1. Dec 3, 2004 #1

    jeff


    I previously posted the following:

    In the forward to rovelli's new book "Quantum Gravity", james bjorken states quite plainly that the effective field theory approach to quantum gravity correctly taught us that GR must be viewed as just an effective field theory, and in fact this is the universally shared view.


    The problem for lqg is that the central construct in lqg, spin networks, only makes sense if GR is in fact exactly correct. I don't see why it would make sense for an author to allow a forward to be written by someone else, that contradicts the basic premise of the book.

    In fact, rovelli defends lqg by stating...

    "But the modification of the notions of space and time has to do with the diffeomorphism invariance and the background independence of the action, not with it's specific form."

    In other words, it is inaccurate to view lqg as a genuine candidate quantum gravity theory, and thus as a rival of string theory. Rather, lqg is just a toy theory serving as a laboratory to explore a small number of fundamental issues in quantum gravity.


    I'll respond on two levels. One is on the specific physics of lqg, and the other, on the plausibility of alternative interpretations of these statements.

    For example, someone may have a physics reason for not believing that lqg requires that GR be treated as if the einstein-hilbert action remains uncorrected at arbitrarily high energies.

    Another example would be that someone may believe that it's plausible that rovelli does in fact believe that GR is exactly correct. In this case the best thing to do is just to email him, which I've done and am waiting for his response. Of course, nobody is stopping anyone from doing the same thing.
     
    it's funny- if LQG were actually wrong- that would still make it better than String Theory- because at least LQG would BE WRONG!! :rofl: :rofl: :cool:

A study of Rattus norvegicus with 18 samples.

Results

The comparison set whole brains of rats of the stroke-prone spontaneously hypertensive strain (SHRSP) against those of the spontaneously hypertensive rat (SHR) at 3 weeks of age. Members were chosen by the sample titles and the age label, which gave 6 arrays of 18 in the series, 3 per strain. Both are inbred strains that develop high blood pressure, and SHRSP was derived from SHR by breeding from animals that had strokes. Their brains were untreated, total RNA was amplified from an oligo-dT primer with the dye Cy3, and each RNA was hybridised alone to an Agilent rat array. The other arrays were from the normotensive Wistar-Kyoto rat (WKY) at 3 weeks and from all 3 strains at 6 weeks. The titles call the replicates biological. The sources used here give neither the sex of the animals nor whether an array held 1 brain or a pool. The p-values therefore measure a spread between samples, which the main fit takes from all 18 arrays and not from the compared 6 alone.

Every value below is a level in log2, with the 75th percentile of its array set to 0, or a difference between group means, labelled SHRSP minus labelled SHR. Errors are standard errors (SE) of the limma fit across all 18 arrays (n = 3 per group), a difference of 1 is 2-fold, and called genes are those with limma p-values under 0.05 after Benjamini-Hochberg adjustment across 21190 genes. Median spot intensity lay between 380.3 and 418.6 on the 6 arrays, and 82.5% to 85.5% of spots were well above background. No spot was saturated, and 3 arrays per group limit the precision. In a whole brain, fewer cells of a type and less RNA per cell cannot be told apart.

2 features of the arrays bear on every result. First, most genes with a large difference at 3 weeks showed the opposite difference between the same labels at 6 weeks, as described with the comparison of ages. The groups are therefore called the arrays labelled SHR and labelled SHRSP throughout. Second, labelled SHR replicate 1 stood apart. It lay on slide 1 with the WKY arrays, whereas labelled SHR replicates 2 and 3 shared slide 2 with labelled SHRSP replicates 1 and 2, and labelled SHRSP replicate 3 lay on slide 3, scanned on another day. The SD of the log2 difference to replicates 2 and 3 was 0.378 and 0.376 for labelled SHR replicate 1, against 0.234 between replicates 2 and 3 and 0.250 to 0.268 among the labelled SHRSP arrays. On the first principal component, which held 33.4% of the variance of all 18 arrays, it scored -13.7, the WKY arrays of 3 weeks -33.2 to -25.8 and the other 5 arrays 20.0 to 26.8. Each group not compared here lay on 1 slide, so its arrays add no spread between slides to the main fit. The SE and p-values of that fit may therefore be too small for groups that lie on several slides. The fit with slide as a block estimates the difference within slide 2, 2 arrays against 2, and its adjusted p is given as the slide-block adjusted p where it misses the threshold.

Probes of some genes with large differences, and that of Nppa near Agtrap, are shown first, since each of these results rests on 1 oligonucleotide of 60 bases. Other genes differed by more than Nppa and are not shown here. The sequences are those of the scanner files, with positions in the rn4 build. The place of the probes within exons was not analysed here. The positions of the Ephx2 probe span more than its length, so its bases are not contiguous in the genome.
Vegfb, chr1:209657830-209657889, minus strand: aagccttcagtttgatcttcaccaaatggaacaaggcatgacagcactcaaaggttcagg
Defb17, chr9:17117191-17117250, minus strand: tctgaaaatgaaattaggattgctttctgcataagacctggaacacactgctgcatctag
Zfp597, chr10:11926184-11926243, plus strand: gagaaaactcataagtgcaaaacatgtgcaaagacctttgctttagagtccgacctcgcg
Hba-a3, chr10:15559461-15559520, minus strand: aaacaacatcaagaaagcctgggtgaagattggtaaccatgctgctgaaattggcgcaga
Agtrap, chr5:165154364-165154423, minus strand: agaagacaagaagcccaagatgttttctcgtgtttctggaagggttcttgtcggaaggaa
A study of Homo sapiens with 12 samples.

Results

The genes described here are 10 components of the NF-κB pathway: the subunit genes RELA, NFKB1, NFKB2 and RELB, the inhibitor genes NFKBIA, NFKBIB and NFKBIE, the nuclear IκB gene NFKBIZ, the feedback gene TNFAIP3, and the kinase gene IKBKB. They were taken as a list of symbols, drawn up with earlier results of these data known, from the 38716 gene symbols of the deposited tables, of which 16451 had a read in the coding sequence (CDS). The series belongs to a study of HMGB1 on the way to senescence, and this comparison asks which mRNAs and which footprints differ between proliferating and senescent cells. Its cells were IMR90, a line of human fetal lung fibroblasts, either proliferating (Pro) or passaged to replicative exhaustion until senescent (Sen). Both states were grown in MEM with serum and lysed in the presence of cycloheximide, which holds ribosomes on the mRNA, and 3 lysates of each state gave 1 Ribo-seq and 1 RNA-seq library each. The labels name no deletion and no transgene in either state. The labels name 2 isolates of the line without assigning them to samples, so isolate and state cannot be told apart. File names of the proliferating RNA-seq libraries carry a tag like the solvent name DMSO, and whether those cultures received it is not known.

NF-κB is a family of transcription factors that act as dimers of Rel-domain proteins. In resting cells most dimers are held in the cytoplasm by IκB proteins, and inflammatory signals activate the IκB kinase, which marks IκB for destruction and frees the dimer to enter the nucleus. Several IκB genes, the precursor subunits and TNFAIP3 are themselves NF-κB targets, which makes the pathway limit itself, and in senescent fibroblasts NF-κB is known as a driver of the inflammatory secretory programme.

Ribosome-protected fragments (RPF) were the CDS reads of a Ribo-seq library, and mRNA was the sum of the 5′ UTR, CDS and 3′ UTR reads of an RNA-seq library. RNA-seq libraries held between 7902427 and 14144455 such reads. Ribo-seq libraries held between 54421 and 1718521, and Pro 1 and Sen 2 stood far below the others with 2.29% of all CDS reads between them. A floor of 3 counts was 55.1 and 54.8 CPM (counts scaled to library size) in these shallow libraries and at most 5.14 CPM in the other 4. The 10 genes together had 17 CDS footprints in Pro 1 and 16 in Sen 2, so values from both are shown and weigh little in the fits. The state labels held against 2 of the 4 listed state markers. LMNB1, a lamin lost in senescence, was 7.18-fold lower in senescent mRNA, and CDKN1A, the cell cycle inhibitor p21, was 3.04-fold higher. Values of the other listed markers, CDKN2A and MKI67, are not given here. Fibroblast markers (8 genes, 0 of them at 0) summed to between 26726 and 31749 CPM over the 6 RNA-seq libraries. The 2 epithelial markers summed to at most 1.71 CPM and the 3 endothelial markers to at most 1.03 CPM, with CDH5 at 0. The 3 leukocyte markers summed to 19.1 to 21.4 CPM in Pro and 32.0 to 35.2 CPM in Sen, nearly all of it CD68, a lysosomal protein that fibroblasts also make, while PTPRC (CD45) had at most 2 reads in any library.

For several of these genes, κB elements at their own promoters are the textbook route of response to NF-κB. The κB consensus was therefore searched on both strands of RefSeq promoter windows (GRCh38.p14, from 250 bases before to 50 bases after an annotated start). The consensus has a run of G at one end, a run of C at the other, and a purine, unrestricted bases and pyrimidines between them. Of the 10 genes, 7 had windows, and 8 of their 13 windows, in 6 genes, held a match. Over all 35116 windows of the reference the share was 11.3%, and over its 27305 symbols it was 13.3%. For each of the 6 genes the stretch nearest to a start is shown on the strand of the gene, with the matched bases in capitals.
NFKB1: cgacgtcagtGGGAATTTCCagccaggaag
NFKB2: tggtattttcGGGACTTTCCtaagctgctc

that's got to be tough for you critics- if you win- you lose- and if you lose you lose-
     
    Last edited: Dec 3, 2004
  4. Dec 3, 2004 #3

    jeff


    In the absence of empirical data, we must rely quite a bit on self-consistency checks as a way to discriminate between good and bad ideas.

    Part of the reason strings is so popular is not only that it has never failed a self-consistency check, but that these checks have been numerous and spectacular.

    It is precisely the opposite with lqg. Two good examples are it's failure to reproduce correctly the black hole area-entropy law, and that it's degrees of freedom are manifestly volume-extensive (represented by the nodes in spin networks) rather than area-extensive, as we know is required of correct quantum theories of gravity on the basis of theory-independent general principles. The idea is that scattering at asymptotic energies are almost certainly dominated by black hole production, so since the information in black holes is stored holographically, and, according to the theory of the renormalization group, all of the fundamental degrees of freedom can be assumed to occur at asymptotic energies, self-consistent and correct quantum theories of gravity must be holographic, and clearly, lqg is not.
     
    Last edited: Dec 3, 2004
  5. Dec 4, 2004 #4

    selfAdjoint


    Now quantum theory is replete with classical theories that are wrong in and of themselves but become better, though still perhaps provisional, by being quantized. Schroedinger theory, Dirac equation, even the string worldsheet with its classical action and the analytical results that flow from that. None of them is satisfactory until quantization is imposed.

    And similarly people have been trying for decades to quantize gravity. They have assumed that that means quantizing the classical theory GR. Spin foams is just one of the more recent ways to go about this. I think that if you want to criticise spin foams for being based on GR you have to go deeper and show HOW quantizing GR is not the right way to procede.

    Note that one of the great talking points of string physics has always been that the graviton that comes naturally out of string theory SIMULATES THE PHYSICS OF GR. What is sauce for the goose is perhaps sauce for the gander?